North Korea has likely sent two US journalists detained by border guards last week to the capital Pyongyang for questioning, South Korea’s Yonhap news agency reported yesterday.
The US State Department has expressed concern over the fate of the two women, who are believed to have been taken into custody while filming near the Tumen river, an escape route for those fleeing the communist state.
Confirmation by North Korea’s state media on Saturday of their detention showed the central government was directly involved in their case, Yonhap said, quoting an unnamed source in China.
“Given the significance of the case, it is very likely that the two US journalists have been sent to Pyongyang for questioning directly by the North’s security and military agencies,” the source told Yonhap.
The North may use the case “politically,” it added. Government officials in Seoul could not confirm the Yonhap report.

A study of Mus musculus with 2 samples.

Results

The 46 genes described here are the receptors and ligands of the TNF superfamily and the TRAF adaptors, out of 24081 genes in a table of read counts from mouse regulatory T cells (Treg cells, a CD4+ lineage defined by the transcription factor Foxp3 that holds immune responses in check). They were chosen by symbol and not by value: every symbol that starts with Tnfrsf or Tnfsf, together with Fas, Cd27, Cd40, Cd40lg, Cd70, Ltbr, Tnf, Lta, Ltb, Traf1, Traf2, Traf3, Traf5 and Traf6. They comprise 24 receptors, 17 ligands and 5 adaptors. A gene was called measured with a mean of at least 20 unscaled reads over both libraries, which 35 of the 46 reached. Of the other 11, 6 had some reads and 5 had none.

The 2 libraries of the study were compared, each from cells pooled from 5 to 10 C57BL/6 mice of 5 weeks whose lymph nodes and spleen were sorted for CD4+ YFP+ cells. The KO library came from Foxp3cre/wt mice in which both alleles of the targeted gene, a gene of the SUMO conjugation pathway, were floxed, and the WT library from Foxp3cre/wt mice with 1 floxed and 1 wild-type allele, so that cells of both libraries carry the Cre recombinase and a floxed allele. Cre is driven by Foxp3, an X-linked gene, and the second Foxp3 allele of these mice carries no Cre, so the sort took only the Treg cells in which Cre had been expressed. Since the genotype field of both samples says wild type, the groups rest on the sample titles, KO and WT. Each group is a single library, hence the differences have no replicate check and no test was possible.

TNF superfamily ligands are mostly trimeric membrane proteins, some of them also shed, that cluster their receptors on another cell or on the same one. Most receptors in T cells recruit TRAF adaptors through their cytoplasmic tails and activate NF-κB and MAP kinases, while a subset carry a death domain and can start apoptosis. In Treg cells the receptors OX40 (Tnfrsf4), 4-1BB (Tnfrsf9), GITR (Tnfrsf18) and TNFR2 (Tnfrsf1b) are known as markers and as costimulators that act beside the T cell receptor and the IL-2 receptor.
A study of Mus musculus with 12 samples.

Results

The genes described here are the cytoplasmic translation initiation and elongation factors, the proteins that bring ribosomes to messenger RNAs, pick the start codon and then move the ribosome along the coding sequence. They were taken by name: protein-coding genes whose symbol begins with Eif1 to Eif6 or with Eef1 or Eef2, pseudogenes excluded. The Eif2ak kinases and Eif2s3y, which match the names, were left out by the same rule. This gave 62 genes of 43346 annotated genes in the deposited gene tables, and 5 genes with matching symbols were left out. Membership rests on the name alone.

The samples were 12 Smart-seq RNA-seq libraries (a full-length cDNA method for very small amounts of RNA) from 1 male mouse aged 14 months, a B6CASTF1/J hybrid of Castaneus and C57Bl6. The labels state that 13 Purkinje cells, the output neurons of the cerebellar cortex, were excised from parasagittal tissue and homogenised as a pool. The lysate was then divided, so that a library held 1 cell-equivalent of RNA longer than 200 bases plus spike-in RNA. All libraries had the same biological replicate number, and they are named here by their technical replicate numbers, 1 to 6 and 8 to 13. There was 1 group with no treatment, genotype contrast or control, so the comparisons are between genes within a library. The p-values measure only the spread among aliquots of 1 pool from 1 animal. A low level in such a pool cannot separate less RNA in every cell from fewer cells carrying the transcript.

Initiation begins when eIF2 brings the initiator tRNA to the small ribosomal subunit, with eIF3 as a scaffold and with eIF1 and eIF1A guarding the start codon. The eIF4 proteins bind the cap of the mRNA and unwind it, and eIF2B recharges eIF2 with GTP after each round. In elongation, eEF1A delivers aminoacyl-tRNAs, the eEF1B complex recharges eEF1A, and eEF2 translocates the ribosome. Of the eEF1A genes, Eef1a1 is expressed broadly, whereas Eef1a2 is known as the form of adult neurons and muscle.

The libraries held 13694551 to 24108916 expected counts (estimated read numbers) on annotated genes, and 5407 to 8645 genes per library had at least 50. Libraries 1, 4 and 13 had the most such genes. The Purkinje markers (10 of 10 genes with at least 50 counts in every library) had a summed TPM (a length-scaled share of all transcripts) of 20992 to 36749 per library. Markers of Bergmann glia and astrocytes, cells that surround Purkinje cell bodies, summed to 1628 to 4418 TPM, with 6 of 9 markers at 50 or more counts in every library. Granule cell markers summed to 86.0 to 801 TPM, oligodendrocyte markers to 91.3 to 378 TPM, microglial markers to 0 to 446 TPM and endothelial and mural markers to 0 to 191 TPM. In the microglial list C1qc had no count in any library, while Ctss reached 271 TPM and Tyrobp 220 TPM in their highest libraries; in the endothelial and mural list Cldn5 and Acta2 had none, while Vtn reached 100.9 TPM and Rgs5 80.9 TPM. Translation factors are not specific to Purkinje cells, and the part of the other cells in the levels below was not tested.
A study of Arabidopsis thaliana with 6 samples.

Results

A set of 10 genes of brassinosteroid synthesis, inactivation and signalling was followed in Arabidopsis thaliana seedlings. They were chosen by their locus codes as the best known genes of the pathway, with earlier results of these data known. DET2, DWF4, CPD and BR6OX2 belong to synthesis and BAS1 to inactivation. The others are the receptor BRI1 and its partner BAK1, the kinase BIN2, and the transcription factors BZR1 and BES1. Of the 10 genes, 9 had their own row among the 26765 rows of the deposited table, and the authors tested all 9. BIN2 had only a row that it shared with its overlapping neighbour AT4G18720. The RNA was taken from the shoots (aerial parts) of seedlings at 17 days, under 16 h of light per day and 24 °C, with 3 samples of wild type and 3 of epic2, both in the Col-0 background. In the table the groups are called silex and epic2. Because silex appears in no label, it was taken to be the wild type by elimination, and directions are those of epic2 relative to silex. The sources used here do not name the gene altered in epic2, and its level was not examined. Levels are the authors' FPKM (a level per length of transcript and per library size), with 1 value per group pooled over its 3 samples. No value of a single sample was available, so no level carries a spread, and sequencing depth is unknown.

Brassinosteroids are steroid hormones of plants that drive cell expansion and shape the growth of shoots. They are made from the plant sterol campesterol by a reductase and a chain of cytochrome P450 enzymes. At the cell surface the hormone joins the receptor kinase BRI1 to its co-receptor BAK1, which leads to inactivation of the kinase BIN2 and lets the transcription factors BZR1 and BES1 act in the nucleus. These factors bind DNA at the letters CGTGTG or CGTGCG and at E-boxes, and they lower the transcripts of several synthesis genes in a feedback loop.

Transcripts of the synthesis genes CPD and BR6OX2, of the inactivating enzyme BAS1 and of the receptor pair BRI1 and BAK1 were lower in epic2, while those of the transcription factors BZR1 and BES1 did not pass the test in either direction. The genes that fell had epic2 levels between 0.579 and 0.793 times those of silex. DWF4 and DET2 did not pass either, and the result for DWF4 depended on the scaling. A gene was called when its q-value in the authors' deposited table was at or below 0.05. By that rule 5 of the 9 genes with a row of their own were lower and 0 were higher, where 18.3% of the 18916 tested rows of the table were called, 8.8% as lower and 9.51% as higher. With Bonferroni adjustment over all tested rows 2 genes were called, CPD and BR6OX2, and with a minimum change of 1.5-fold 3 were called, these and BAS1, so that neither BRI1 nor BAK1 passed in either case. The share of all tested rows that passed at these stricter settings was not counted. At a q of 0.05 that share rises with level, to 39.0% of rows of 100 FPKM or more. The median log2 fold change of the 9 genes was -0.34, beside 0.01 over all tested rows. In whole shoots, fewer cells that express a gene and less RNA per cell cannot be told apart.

North Korea on Saturday confirmed that it had detained the duo for “illegally intruding into the territory” of the communist country on March 17.
The official Korean Central News Agency said in a terse dispatch: “A competent organ is now investigating the case,” giving no further details of the whereabouts of the Americans.
Diplomatic sources said Washington and Pyongyang were in talks over the release of the two, identified as Euna Lee, a Korean-American, and Laura Ling (凌志美), a Taiwanese-American, who both work for Current TV in California.
Ling’s family emigrated from Taiwan to the US several years ago and now lives in Los Angeles.
Ling’s sister, Lisa Ling (凌志慧), a former co-host of the American TV talk show The View and is now a correspondent for National Geographic Channel’s Explorer.